RAFAH, Gaza Strip (AFP) – Some 1,500 Palestinian security personnel have deployed on the Gaza-Egypt border, in a bid to impose order after a week of unchecked crossings by thousands.
Palestinian troops and riot police fired warning shots Saturday to keep back the crowds along the 14-kilometre-long (nine-mile-long) frontier, where anarchy has reigned since Israeli troops left the Gaza Strip on Monday.
Angry crowds threw stones at the security forces shepherding them away from the border, while the troops started to plug the giant holes punched in the 10-to-15 foot (five metre) high border fences over the past week, witnesses and security sources said.
"We deployed today 1,500 police and national security forces. It started at 7 am (0400 GMT) and it is completed now," interior ministry spokesman Tawfiq Abu Khussa told AFP.
Palestinian leader Mahmud Abbas, who has struggled to govern Gaza amid widespread looting of Jewish settlements since Israel pulled out, vowed Friday to bring the chaotic border situation under control within days.
Israeli and Palestinian officials have expressed concern that the collapse of border controls might have allowed large quantities of weapons and illegal drugs to be smuggled into the territory.
Following Israel”s pullout from Gaza, the Palestinian Authority and Egypt had agreed to police the Rafah border, which Israel had virtually locked down during the five-year uprising.
But rivals to the Palestinian Authority have defied Abbas. On Wednesday, witnesses saw militants from the Islamic faction Hamas blow up a section of the border fence, daring Palestinian security forces to stop them.
Abbas vowed Tuesday that he would no longer tolerate the "armed chaos" created by the territory”s myriad militant groups and insisted Palestinians would have only "one authority, one law and one legal weapon".
The Palestinian leader is to hold a new summit with Israeli Prime Minister Ariel Sharon early next month, the two men”s offices confirmed.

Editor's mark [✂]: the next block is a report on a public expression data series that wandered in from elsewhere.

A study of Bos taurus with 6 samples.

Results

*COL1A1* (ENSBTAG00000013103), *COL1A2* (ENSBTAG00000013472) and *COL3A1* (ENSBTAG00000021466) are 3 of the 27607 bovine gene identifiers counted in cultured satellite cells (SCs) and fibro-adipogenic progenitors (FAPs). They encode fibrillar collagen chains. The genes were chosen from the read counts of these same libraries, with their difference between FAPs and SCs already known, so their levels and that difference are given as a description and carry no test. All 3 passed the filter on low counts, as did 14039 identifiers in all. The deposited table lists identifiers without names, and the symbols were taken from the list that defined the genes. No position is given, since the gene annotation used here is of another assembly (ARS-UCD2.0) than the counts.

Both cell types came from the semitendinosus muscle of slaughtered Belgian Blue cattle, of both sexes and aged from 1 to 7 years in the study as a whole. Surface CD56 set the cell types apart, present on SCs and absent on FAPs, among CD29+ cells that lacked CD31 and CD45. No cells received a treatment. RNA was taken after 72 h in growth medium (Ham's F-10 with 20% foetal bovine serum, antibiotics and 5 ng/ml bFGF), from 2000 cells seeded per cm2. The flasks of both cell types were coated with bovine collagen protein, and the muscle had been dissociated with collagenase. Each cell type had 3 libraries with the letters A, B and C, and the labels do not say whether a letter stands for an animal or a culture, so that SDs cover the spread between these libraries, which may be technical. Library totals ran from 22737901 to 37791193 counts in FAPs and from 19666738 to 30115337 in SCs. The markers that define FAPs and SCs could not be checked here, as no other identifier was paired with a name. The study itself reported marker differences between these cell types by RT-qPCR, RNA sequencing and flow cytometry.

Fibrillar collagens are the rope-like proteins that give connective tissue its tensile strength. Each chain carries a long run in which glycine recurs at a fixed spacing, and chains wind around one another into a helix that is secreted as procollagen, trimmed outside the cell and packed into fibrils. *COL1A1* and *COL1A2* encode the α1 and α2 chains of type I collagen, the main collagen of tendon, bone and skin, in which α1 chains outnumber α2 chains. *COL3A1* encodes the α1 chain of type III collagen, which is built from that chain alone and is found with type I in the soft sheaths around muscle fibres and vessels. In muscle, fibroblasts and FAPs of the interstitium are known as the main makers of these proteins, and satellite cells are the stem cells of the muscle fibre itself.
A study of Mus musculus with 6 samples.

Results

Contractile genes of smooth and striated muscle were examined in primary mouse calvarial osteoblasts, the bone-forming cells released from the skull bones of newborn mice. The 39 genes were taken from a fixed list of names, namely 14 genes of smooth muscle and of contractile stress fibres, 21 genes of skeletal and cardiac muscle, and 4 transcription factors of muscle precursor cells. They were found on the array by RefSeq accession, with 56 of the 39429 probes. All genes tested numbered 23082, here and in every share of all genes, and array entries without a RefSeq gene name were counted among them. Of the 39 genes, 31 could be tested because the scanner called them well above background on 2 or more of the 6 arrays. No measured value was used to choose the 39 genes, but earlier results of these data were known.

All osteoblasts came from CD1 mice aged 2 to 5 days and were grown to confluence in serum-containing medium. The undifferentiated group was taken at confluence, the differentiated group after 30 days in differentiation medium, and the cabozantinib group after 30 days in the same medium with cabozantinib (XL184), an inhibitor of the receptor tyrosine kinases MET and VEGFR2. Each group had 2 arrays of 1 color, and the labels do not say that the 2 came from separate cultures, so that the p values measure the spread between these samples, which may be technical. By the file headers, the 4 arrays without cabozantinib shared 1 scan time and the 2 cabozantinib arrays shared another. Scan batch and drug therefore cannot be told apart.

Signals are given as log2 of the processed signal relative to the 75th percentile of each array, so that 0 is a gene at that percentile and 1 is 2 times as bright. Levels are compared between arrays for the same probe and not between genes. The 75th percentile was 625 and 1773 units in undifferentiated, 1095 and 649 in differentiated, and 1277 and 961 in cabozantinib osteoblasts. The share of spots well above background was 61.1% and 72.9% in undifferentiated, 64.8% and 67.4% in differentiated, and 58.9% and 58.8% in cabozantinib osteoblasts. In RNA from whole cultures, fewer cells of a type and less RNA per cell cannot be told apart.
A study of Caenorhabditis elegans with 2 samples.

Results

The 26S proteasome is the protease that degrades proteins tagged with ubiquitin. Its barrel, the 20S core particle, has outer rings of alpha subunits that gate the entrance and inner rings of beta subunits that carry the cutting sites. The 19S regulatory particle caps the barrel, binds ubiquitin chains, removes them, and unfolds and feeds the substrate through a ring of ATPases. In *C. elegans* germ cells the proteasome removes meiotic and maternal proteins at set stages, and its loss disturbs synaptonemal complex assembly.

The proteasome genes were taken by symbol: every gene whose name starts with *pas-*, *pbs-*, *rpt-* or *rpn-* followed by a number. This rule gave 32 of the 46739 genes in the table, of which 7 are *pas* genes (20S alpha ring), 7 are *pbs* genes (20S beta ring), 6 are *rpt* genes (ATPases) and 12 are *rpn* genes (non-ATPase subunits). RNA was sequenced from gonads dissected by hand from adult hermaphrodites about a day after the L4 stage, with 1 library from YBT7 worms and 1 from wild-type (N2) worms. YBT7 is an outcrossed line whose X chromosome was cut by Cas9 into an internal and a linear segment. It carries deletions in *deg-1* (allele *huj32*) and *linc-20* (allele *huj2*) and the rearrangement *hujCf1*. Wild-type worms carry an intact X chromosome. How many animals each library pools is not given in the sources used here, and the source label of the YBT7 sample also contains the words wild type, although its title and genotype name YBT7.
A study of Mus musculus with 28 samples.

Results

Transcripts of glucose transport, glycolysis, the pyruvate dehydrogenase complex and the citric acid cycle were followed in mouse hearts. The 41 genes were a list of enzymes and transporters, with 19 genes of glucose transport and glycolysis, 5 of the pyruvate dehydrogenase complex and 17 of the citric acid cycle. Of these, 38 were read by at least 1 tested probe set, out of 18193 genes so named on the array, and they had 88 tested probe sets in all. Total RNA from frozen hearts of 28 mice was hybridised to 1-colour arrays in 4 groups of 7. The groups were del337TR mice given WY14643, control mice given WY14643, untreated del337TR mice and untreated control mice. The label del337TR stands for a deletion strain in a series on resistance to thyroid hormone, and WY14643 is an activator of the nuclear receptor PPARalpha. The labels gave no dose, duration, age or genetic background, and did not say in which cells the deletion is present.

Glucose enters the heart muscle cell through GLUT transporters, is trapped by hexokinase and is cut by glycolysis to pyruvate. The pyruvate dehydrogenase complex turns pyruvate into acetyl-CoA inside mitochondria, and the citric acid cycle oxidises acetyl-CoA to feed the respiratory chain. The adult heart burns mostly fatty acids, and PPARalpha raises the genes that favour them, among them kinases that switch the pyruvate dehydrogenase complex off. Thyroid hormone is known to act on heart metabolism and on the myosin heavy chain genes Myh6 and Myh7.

It will be their first meeting since Israel completed its historic withdrawal from Gaza after a 38-year presence in the impoverished territory.
"They will discuss Israel”s next step and how to implement more of the roadmap," Abbas”s spokesman Nabil Abu Rudeina told AFP.
He was referring to an internationally drafted peace blueprint intended to pave the way for Palestinian statehood that has made next to no progress since its launch in 2003.
The New York Times reported that Sharon is threatening to block palestinian legislative elections in June if Islamic militant group Hamas is allowed to go ahead with its plans to participate.
"We will make every effort not to help them … I don”t think they can have elections without our help," the Israeli premier was quoted as saying on the sidelines of a UN summit in New York.
Sharon threatened to keep roadblocks and checkpoints in place across the West Bank, thereby making it impossible to reach polling stations, if Hamas takes part.
The move could be a blow to Abbas, who is banking on Hamas”s participation to woo the militant group away from the armed struggle into mainstream politics.
But Israel has expressed concern that Hamas could sweep away the Palestinian leader and his Fatah faction in the election.
In municipal elections earlier this year, Hamas already took control of a string of town halls across the Gaza Strip.
Fatah has been marred by internal fighting among its numerous factions since veteran leader Yasser Arafat died last November.
In other developments, the Israeli army announced it had arrested two Fatah militants in the al-Aza camp near Bethlehem in the West Bank.
Israel also freed two Lebanese shepherds who had been detained in the disputed Shebaa Farms border area on Friday, the military said.